In mental health training and treatment, examining the impact of racism on brains and bodies is largely uncharted territory. And while, in recent years, clinicians who advocate for the study of race-based trauma have made strides in promoting this work, most mental health programs still do not offer official training around racial trauma — a debilitating effect of racism and discrimination.
Racial trauma comprises the mental and physical effects and consequences that Black, indigenous and people of color experience after being exposed to racism. It does not only occur when a person directly experiences racism; it is also a vicarious phenomenon that can be passed through generations.
“The piece about racial trauma that is really unique is the intergenerational impact,” said Maryam Jernigan-Noesi, a psychologist who studied at Boston College’s Institute for the Study and Promotion of Race and Culture. “So it’s not just me and my lifetime and what I’ve experienced — it’s the stories you heard from family members, it’s witnessing that of colleagues or peers, and now with social media and online mechanisms of folks sharing videos, it’s also witnessing things that you may not experience directly.”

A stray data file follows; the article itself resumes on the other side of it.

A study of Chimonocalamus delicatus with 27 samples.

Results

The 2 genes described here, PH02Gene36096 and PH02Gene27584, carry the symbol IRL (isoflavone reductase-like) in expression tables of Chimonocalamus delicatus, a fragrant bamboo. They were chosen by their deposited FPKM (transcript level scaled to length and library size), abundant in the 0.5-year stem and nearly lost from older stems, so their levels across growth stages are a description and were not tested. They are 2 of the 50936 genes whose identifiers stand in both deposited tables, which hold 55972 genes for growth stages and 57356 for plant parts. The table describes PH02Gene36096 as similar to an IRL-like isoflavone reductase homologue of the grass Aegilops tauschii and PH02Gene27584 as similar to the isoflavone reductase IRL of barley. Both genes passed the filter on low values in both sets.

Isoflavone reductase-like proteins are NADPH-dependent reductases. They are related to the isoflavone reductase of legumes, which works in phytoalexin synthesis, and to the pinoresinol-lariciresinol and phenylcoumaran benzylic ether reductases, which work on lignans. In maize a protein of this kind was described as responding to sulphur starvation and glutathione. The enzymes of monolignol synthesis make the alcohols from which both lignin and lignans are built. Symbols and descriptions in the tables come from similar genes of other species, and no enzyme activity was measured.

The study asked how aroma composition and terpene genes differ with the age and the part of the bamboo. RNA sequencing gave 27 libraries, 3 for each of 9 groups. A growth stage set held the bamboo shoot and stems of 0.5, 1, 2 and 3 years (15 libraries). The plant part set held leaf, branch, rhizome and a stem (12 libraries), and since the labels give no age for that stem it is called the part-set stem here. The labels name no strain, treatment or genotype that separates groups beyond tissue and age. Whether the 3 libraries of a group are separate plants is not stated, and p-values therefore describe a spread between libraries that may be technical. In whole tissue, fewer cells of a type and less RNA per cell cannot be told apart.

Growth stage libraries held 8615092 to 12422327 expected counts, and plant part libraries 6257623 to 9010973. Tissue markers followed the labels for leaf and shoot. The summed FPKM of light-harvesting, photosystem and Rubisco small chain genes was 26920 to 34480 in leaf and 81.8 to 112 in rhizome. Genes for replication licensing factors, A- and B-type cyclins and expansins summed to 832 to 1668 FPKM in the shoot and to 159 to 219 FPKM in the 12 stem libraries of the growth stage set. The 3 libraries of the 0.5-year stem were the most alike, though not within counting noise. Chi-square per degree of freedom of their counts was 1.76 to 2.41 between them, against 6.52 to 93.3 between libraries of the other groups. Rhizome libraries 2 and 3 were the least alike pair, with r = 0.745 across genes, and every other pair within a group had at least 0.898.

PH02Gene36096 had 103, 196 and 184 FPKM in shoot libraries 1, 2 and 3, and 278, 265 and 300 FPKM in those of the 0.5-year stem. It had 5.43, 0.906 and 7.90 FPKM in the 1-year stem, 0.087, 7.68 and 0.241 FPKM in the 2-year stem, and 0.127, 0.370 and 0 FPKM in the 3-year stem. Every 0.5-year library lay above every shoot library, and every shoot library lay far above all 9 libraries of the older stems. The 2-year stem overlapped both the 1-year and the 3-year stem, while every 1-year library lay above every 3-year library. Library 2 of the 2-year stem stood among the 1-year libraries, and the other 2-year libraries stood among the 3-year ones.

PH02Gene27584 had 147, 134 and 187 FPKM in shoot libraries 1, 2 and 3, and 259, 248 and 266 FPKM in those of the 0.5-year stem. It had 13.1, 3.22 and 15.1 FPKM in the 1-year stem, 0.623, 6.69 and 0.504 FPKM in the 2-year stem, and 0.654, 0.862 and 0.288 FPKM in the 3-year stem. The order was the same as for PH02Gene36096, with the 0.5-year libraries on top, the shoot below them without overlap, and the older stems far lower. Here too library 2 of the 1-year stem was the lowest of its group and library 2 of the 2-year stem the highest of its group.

As issues related to race and equality continue to spark self-reflection among non-Black people, the phrase “racial trauma” is being invoked more frequently, and becoming an even more necessary official treatment area in the mental health field.
In order for Black people to address their experiences and ultimately work toward healing, racial trauma needs to be acknowledged and implemented into mental health treatment trainings — because, as the experts we spoke to emphasized, racial trauma has its own set of challenges and effects for victims.